Business

Canada approves Chinese takeover of energy company

TORONTO – Canada approved China’s biggest overseas energy acquisition, a $15.1 billion takeover by state-owned CNOOC of Canadian oil and gas producer Nexen, but vowed Friday to reject any future foreign takeovers in the oil sands sector by state-owned companies.

Prime Minister Stephen Harper said the government would only consider future takeover deals in the oil sands by state-owned companies in exceptional circumstances.

The prime minister said the Alberta oil sands represent 60 percent of all the oil production around the world that is not already in state hands and said he wants to keep it that way.

CNOOC and other big state-owned Asian energy companies have increased purchases of oil and gas assets in the Americas as part of a global strategy to gain access to resources needed to fuel their economies.

AIG estimates $1.3 billion in losses due to superstorm

NEW YORK – AIG estimates it will take $1.3 billion in losses related to Superstorm Sandy.

New York-based American International Group Inc. said Friday it will contribute about $1 billion to its U.S. property casualty insurance units to help offset the losses.

The losses will be included in the company’s fourth-quarter results.

On Wednesday, Travelers Cos. Inc. estimated $650 million in losses from the storm after taxes and reinsurance recoveries. Allstate Corp. estimated last week that it had $1.08 billion in catastrophe losses during October, mostly from damage to homes and autos from Sandy.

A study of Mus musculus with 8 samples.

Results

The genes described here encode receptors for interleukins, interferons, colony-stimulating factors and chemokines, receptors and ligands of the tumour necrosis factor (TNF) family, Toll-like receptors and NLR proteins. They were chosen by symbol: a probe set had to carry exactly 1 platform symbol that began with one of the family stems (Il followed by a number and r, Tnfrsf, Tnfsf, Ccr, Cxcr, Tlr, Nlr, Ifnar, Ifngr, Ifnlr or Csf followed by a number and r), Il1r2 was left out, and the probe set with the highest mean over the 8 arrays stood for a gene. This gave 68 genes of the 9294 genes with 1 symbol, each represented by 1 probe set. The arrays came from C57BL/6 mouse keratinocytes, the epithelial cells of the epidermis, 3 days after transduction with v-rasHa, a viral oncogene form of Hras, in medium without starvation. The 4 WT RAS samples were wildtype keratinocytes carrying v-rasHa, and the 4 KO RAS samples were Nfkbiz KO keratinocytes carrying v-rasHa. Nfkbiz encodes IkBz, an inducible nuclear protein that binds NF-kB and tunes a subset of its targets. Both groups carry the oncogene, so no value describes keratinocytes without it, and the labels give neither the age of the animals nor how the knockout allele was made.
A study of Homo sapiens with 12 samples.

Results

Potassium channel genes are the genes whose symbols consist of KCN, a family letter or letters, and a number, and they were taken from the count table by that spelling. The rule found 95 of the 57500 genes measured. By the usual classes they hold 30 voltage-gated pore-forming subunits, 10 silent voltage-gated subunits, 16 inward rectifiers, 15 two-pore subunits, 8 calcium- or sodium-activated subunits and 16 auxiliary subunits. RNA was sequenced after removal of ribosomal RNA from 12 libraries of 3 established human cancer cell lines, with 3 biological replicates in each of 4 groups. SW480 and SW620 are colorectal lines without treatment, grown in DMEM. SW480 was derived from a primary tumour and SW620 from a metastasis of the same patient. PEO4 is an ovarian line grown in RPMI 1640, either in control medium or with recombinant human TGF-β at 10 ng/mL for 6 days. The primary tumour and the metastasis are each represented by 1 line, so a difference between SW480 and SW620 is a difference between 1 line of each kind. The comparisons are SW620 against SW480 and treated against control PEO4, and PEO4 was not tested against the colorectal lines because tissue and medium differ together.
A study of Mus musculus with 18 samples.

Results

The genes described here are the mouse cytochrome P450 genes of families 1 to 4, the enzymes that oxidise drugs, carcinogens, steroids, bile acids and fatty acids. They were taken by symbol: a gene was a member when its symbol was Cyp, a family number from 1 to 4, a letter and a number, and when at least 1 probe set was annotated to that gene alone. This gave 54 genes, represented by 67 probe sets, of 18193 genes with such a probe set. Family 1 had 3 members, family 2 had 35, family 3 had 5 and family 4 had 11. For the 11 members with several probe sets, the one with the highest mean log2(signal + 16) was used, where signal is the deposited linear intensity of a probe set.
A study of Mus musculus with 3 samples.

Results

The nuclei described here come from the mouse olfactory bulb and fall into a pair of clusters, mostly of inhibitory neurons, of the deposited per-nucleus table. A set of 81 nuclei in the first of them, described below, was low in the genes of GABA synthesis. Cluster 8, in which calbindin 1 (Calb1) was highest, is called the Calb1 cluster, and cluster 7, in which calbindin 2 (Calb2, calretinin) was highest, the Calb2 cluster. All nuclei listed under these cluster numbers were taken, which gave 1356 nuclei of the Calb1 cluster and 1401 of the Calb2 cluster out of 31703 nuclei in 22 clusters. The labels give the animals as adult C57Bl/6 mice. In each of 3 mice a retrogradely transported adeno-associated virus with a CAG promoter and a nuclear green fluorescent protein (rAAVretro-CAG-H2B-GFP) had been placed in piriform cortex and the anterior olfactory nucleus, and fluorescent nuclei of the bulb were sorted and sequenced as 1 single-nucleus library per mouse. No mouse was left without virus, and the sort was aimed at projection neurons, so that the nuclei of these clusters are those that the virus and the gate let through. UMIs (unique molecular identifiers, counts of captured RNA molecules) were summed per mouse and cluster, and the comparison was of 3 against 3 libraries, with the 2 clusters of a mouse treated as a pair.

The federal government has distributed about $2 billion in aid to the 11 states that were hit by the storm, which made landfall on Oct. 29.

News of federal probes hits Big Lots shares hard

NEW YORK – Shares of Big Lots Inc. have slumped nearly 10 percent over the past three days after news that federal officials are investigating stock trades by its CEO.

In a Wednesday Securities and Exchange Commission filing, the company said it received a grand jury subpoena from the U.S. Attorney for the Southern District of New York on Nov. 29 requesting information on trades by CEO Steven Fishman. The SEC has also begun its own probe on the matter.

The Wall Street Journal reported Thursday, citing a person familiar with the matter, that the Federal Bureau of Investigations and federal prosecutors were looking at whether Fishman had sold $10.3 million in stock in March based on an insider’s knowledge of a coming negative corporate announcement.

The Journal said that investigators were interested in the March trades because they occurred outside of Fishman’s “10b5-1” plan.

The SEC’s 10b5-1 rule lets executives trade company stock, even when they have insider knowledge, according to a pre-set plan for certain stock transactions over a period of time. That way, executives can say their sales of stock weren’t prompted by new information that wasn’t publicly available to investors.

According to the Journal, Fishman’s trades came about a month before Big Lots cut its sales guidance for its first quarter, after the market closed on April 23. At that time, the company said sales had begun to slow in March, worsening in April. It projected a slight drop in revenue in stores open at least a year, a key measure for retailers, down from its previous forecast of a slight increase. The company’s stock sank 24 percent on April 24.